Eco-tourism in the “Reconstruction” National Park
Sanriku Fukko (Reconstruction) National Park, which extends about 250 kilometers north and south from southern Aomori Prefecture to the Oshika Peninsula in Miyagi Prefecture, aims to pass down the reconstruction from the Great East Japan Earthquake from generation to generation. To this end, a more than 1,000-kilometer-long nature trail called the “Michinoku Coastal Trail” has newly opened, extending from the National Park into Fukushima.
Sanriku Fukko (Reconstruction) National Park with its beautiful and varied rias coastline was originally designated in 1995 as the Rikuchu Coast National Park. In 2010, the year before the Great East Japan Earthquake of 2011, the park attracted about 4.07 million visitors. In 2013, the park was designated as Sanriku Fukko (Reconstruction) National Park with a mission to contribute to the reconstruction of the Sanriku area.
If you drive one and a half hours northeast from Sendai, the largest city in the Tohoku region, you will reach a beautiful spot called Kamiwarizaki in Minamisanriku Town that faces the Pacific Ocean. The name “Kamiwarizaki” was derived from the legend that God became angry at a quarrel between two villages and ripped a huge rock apart, separating the villages.
North of Minamisanriku in Rikuzentakata City, Iwate Prefecture, there used to be a place known as Takatamatsubara, a two-kilometer stretch of pine forests on a white beach. Afforestation began about 350 years ago, when trees were planted to protect the shoreline. It was a place of scenic beauty, where about 70,000 pine trees grew, and it attracted 1.09 million tourists in 2009 before the earthquake. The tsunami washed away Takatamatsubara, forests and all. Miraculously, however, a sole pine tree remained and became a form of emotional support for the local people. Unfortunately, this last pine tree withered, but following treatment and reinforcement, the tree has been preserved as the “Miracle Lone Pine Tree,” a monument that symbolizes the reconstruction efforts from the damage caused by the earthquake. A project to plant 40,000 pine trees by 2021 is under way to restore Takatamatsubara.
On the Suesaki Peninsula in Ofunato City, which is located on the northeastern side of Takatamatsubara, are two popular tourist destinations: the Goishi Coast, where stone-shaped round pebbles like go stones extend along the peninsula; and the Anatoshi-iso Rock Arch, where there are many triangular rocks protruding from the surface of the sea.
Traveling on north from Ofunato to Miyako City, the landscape with a wild coastline until then changes dramatically and you will see Jodogahama Beach with a grove of pine trees atop sharply pointed white rhyolite rocks in an extremely transparent blue sea with gentle waves.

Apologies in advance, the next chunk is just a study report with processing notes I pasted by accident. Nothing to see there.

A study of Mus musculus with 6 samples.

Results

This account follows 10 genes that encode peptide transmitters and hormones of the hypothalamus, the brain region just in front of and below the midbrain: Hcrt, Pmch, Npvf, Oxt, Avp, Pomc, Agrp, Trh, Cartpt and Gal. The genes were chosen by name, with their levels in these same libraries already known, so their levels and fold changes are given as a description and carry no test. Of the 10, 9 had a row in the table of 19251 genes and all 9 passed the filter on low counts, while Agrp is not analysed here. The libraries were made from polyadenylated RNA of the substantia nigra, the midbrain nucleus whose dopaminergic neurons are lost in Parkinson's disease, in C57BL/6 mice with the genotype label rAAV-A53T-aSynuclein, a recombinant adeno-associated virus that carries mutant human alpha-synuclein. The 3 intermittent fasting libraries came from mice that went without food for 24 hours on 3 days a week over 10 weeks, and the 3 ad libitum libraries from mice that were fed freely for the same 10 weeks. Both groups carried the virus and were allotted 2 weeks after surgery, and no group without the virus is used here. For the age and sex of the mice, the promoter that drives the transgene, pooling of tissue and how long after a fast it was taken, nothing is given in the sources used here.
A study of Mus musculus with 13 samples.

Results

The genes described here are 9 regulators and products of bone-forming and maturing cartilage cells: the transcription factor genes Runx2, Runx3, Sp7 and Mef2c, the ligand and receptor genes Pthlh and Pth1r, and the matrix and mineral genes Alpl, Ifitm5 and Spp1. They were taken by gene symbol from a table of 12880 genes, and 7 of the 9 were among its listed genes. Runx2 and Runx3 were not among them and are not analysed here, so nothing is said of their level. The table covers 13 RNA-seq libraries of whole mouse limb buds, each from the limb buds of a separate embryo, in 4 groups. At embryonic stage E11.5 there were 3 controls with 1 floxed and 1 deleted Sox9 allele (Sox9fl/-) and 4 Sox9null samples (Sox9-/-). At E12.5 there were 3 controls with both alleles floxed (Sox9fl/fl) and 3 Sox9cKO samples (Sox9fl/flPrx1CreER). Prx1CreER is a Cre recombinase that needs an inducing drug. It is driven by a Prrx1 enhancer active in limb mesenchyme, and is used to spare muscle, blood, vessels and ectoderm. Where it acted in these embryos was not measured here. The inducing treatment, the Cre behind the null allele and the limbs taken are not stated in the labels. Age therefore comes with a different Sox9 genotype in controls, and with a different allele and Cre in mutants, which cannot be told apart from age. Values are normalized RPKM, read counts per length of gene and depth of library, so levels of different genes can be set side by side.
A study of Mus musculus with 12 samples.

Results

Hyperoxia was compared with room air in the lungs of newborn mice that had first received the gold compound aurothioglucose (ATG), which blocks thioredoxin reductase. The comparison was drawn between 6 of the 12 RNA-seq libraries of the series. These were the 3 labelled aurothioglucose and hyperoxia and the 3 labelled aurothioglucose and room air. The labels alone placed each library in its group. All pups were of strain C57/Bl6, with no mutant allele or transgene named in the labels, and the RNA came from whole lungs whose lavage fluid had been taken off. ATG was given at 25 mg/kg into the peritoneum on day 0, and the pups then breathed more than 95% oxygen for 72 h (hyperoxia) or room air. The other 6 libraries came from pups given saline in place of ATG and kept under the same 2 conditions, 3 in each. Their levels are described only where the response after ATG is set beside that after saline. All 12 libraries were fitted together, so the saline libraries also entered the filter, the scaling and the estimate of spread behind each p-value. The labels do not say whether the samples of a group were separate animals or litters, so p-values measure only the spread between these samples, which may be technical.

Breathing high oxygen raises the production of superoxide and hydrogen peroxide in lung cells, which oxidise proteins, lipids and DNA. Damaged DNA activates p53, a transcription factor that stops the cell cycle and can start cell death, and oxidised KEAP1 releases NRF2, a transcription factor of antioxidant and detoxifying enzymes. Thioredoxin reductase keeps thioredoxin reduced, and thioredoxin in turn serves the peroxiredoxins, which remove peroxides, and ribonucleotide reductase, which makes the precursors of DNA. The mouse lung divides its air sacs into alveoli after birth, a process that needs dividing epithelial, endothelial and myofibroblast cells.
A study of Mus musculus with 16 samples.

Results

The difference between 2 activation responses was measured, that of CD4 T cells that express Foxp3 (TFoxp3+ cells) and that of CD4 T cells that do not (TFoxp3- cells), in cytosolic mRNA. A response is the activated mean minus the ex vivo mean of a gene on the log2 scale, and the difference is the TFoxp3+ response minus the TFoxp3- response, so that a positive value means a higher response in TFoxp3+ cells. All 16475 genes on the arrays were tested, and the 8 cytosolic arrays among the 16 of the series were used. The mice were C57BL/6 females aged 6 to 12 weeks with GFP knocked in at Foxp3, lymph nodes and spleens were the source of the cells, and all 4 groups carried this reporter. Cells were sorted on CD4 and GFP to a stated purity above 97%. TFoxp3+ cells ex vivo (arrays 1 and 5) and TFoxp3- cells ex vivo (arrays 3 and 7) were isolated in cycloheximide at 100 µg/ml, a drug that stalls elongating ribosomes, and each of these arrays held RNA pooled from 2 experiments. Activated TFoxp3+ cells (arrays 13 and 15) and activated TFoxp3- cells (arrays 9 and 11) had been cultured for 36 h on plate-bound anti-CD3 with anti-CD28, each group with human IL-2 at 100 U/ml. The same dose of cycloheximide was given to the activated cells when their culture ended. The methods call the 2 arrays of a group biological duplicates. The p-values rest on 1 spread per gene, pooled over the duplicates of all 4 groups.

Sanriku Beach is known for its numerous fishing grounds, and Yamada Bay, where oyster cultivation is active, is located south of Jodogahama Beach. The bay was seriously damaged by the tsunami, but local fishermen have made great efforts and the oyster cultivation rafts are floating in the bay again. The oysters harvested in Yamada Bay have a firm body. You can enjoy steaming open and eating fresh oysters in their shells in oyster huts erected along the beach.
Sanriku Fukko (Reconstruction) National Park offers so many beautiful landscapes. The Tanesashi Coast in Hachinohe City, Aomori Prefecture, which is located in the northernmost part of the park, features a wide lawn of natural grass that stretches along the beach; Tanohata Village in Iwate Prefecture, about 70 kilometers to the south, is the location of the Kitayamazaki Cliffs, where cliffs some 200 meters high extend for eight kilometers. Ten kilometers further south again, set in untouched nature, is the overwhelming Unosu Cliff, which is shaped like the teeth of a saw.
The Michinoku Coastal Trail opened in June 2019 on the completion of work which began with the designation of Sanriku Fukko (Reconstruction) National Park in 2013. The trail connects Tanesashi Coast in Hachinohe City with Matsukawaura in Soma City, a scenic spot in northern Fukushima Prefecture, and extends over 1,000 kilometers through twenty-eight municipalities in four prefectures. The trail runs from the National Park to the disaster area of Fukushima through the coastal area of Miyagi. In connecting disaster areas, the trail aims to pass down the reconstruction efforts from the damage caused by the Great East Japan Earthquake from generation to generation. Trail walkers can enjoy the rich natural environment of Sanriku and interact with local people along the way.
Sanriku Fukko (Reconstruction) National Park is being reborn as an even more attractive park.
(This is a revised version of the article that appeared in the March 2018 issue of Highlighting Japan.)